Memorandum: Downtown Public Space Inventory and Plan

On December 2, 2016, the Vancouver City Planning Commission submitted a Memorandum to Mayor and Council on the need for a downtown public space inventory and plan.


Memorandum
Downtown Public Space Inventory and Plan

A rising issue of concern with the Vancouver City Planning Commission is the state of public space, particularly in our city’s densest neighbourhoods and districts. Therefore, we want to draw attention to the incremental loss of usable public space in downtown Vancouver and the need for a downtown public space plan.

Through Commissioner LaMontagne, we have participated in the regular review of development projects at the Urban Design Panel. Some of these projects have involved the redevelopment of property previously secured by the city to be publicly accessible space. Although the spaces in question may be small and under-performing as compelling and desirable spaces, they are nevertheless important contributors to the overall downtown public space network.

The Planning Commission recognizes the benefits of redevelopment in adding additional office, retail, and residential space to support a growing city and economy. However, we also worry about the cumulative effect of the incremental loss of public space in the downtown and note that, in our opinion, the projects in question fell short of maintaining the spirit and quality of public realm as should be expected of such redevelopment projects. Moving forward, a more creative and holistic approach to improving public space, in balance with private development opportunities, is needed.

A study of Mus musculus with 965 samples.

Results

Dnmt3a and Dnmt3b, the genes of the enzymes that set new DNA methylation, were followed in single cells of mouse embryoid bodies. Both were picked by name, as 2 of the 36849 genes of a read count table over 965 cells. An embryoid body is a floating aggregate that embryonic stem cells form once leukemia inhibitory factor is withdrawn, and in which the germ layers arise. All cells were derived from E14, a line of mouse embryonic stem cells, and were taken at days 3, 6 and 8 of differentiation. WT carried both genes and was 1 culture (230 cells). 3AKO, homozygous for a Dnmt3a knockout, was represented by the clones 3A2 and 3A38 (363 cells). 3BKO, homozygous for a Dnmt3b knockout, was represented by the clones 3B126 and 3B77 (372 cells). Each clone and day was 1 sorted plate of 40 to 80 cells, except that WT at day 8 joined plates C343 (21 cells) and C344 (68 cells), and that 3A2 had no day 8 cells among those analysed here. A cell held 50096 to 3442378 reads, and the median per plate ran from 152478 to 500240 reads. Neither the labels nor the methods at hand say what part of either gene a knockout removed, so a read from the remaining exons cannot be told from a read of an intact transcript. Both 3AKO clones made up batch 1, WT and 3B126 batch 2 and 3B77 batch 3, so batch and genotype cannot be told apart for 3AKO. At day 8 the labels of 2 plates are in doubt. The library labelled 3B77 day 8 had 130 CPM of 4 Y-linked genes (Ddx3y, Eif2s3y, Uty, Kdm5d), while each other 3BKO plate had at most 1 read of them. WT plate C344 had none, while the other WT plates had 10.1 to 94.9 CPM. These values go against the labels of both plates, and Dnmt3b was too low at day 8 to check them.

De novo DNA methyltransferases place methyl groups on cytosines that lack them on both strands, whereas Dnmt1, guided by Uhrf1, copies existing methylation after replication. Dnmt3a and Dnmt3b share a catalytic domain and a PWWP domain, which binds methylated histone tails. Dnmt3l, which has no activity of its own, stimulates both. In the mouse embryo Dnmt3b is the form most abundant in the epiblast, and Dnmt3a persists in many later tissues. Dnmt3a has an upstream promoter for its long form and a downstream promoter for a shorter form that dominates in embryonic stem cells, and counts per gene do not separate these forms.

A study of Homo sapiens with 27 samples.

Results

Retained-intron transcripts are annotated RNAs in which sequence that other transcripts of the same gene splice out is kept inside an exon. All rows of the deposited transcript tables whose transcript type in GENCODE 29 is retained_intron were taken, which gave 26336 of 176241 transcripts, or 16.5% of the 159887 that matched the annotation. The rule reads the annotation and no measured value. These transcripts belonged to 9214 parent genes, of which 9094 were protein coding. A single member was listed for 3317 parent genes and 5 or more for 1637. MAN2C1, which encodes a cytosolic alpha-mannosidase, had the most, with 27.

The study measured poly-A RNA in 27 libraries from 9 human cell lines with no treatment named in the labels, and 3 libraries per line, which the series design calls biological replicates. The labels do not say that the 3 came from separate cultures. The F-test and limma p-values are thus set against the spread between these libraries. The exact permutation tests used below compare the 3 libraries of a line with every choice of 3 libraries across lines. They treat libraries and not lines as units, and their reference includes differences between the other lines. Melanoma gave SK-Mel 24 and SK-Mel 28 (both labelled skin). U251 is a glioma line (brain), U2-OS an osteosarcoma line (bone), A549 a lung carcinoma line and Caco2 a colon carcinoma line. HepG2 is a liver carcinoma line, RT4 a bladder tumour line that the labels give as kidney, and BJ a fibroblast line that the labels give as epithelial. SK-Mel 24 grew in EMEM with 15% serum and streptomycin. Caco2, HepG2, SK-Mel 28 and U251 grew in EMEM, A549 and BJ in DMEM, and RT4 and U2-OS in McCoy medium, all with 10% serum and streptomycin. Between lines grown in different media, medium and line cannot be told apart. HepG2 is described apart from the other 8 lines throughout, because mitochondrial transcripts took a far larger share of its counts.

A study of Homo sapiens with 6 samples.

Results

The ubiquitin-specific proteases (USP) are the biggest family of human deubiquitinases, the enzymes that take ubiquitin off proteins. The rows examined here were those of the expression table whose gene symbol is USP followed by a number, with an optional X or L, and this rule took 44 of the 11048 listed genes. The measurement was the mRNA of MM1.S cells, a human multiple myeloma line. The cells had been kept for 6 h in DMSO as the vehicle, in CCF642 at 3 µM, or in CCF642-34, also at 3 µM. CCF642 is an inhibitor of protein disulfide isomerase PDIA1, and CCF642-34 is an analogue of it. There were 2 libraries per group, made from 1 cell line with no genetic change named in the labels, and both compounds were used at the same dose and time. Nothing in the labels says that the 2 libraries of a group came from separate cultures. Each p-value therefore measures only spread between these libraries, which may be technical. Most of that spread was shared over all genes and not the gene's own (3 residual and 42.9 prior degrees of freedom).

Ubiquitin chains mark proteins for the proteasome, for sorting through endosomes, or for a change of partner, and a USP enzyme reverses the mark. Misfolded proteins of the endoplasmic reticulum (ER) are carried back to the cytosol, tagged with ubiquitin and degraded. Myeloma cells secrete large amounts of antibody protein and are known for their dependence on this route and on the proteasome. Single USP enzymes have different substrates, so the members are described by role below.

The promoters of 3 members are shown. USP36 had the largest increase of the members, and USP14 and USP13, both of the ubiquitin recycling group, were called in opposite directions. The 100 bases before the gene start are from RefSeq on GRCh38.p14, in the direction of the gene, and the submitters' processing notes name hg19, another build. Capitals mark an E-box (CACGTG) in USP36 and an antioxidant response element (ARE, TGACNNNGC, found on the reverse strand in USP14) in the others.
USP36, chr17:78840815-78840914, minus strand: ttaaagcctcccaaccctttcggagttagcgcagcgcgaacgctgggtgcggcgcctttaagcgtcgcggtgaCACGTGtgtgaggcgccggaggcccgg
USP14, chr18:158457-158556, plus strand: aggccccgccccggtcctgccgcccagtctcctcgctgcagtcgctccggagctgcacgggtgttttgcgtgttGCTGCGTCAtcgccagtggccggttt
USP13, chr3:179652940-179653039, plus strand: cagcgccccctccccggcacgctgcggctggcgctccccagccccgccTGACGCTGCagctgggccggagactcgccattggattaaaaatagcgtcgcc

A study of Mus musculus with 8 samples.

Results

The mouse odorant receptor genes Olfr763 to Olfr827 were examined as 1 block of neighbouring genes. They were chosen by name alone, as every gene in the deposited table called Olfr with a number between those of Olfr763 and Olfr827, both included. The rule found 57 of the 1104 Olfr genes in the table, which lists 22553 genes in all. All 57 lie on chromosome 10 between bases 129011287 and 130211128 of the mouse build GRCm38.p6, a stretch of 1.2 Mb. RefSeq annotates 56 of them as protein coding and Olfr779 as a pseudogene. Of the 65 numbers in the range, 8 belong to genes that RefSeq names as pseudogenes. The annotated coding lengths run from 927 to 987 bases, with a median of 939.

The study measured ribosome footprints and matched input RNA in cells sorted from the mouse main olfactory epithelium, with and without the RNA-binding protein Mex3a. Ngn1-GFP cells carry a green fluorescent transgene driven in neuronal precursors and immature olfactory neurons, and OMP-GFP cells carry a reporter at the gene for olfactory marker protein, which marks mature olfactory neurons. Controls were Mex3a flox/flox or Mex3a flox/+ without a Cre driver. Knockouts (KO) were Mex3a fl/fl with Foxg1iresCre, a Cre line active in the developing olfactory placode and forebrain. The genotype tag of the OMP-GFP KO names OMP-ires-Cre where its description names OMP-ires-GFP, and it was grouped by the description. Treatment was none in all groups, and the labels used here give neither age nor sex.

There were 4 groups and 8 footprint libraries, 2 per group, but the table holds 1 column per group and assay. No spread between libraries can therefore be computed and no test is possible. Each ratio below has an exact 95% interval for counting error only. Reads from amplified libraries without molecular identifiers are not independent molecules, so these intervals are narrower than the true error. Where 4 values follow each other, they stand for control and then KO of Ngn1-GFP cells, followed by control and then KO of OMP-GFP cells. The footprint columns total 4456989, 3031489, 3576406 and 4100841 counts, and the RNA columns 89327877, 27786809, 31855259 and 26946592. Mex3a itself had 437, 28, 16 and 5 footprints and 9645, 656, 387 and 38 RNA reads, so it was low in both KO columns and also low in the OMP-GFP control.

In response, we are asking Mayor and Council to prioritize completion of a downtown public space inventory and plan (a ‘spaces and places’ plan) to ensure that in the future there will be the proper context to inform sound decision-making and effective stewardship of a very important public asset, the downtown public space network. The Planning Commission would be proud to contribute to this effort through facilitating public dialogue on public space issues in the downtown and throughout the city.